Though most people don't give much thought to copyright law on a day to day basis, we are continuously interacting with it, when we create, copy, buy, and download all manner of things we can see, hear and use. The price we pay for most entertainment and business commodities includes the cost of compensating the copyright owner for allowing the reproduction and distribution of the copyright in everything from software to music, pictures, books, instruction manuals and research papers.
These copyright-related aspects of our daily lives are about to get a legal makeover – the Harper government has reintroduced Bill C-11, "The Copyright Modernization Act" to significantly amend the Copyright Act of Canada this fall; and coincidentally, the Supreme Court of Canada (the "SCC") has given leave to hear appeals of 6 different copyright-related cases at once, in December 2011.
The Harper government's last, unsuccessful attempt to introduce this legislation, as Bill C-32, received wide publicity, and Bill C-11 is virtually identical. Now with a Conservative legislative majority, Bill C-11 is almost certain to become law. Its key changes to copyright law will be:
- making it an offence (including fines up to $5000) to circumvent digital locks on copyright material such as music, software, video and e-books;
- enhancing rights to prosecute those who " "enable" infringements (e.g. websites supporting illegal file sharing);
- making explicitly legal a number of personal " copying activities that were technically copyright infringement, but that everyone was doing anyway, such as making personal YouTube videos with popular music or video clips included; copying legally-obtained music and video files onto different computers and players; and PVR'ing TV for time-shifting, provided digital locks are not broken or circumvented;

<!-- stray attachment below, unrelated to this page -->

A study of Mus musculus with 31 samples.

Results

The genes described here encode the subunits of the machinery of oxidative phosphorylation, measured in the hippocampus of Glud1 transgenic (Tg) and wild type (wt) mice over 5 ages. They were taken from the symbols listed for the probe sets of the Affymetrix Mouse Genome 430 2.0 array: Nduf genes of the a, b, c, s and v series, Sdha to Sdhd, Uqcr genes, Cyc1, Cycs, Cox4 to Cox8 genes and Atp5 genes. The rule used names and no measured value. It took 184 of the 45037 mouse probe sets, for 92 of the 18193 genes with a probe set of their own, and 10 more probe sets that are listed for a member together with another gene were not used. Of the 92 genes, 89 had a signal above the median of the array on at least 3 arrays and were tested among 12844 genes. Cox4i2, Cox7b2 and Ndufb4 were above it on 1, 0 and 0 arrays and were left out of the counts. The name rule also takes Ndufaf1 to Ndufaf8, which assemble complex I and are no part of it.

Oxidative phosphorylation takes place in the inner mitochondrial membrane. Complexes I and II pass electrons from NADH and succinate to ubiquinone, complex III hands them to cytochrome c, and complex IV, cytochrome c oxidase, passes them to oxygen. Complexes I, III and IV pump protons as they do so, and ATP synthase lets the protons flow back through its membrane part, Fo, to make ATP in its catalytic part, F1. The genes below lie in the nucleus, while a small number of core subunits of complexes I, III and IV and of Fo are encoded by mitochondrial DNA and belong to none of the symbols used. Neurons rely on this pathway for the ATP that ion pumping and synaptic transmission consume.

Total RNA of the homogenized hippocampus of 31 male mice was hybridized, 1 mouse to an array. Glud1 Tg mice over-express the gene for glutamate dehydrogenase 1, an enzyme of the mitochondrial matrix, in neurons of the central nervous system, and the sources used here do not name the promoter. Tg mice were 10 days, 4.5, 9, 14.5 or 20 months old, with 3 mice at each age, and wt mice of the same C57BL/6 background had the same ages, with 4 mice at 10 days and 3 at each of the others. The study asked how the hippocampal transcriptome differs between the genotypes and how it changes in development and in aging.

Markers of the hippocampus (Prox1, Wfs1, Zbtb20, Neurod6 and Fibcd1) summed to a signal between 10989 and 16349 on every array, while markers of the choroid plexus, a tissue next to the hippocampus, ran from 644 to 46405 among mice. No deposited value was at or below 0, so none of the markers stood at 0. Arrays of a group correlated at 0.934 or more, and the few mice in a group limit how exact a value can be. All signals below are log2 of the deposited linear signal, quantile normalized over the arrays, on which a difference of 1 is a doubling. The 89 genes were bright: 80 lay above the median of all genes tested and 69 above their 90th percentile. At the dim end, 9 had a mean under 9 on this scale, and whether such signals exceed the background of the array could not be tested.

- confirming that internet service providers " and search engines are not liable for infringing material circulated by their users; however, a copyright owner will now be able to notify an ISP of an infringing website, and the ISP must notify the website owner, and maintain records of the identity of the website owner in the event of an infringement lawsuit;
- broadening the "fair dealing" right, by adding " "education" to "personal study", "research", "criticism and review" and "news reporting" as categories where certain amounts of copyright material can be reproduced without permission;
- confirming it is not infringement or " circumvention of digital locks to copy existing copyright products (like software) for technological innovation purposes, e.g. ensuring compatibility between products.
The Bill C-11 provisions are supposed to balance the rights of individual Canadians to be able to make certain uses of copyright material without infringing, against the rights of copyright owners and copyright-based businesses to restrict "free" access, and therefore generate more revenue from their copyright property. The bigger gain from the new legislation is for business interests, as the net change in individual rights will likely be more restrictive than the existing Copyright Act.
The SCC Cases
The six cases the SCC will hear also review the balance between individual and business copyright interests, in several different contexts. Technically, the six cases are about the scope of the authority of the administrative bodies that regulate rights and royalties for distribution of copyright materials in Canada. Specifically, whether those bodies were right or wrong in assessing the application of royalties to Canada's largest telecommunications, broadcasting, and video-game companies, and to educational institutions across Canada, for the sale, distribution, streaming and copying of copyright music, video, video-games, and text-books. Several important definitions in the Copyright Act affecting broadcasting, telecommunication, and internet use in the digital era will be interpreted, possibly affecting millions or billions of dollars in business revenues for the foreseeable future, with the resultant effect on consumer prices and rights.
One of the SCC's likely objectives is to provide new interpretative principles for copyright use, and copyright royalty issues, in a digital and internet context.
How the SCC's decisions will interact with the new laws enacted by Bill C-11 is another question. The SCC will hear the appeals, and write their decisions knowing the "new rules" of the amended Copyright Act, though technically deciding the cases under the pre-amendment Act. If the SCC sees the balance between competing individual and business interests in their cases differently than the balance chosen by the Harper government in Bill C-11, the SCC could have a significant influence in altering how the Bill C-11 provisions will be applied by Canadian courts for years to come. This may also have the effect of creating further confusion at a time when clarity is needed. If the Harper government thinks the SCC went too far, it may legislate a rematch.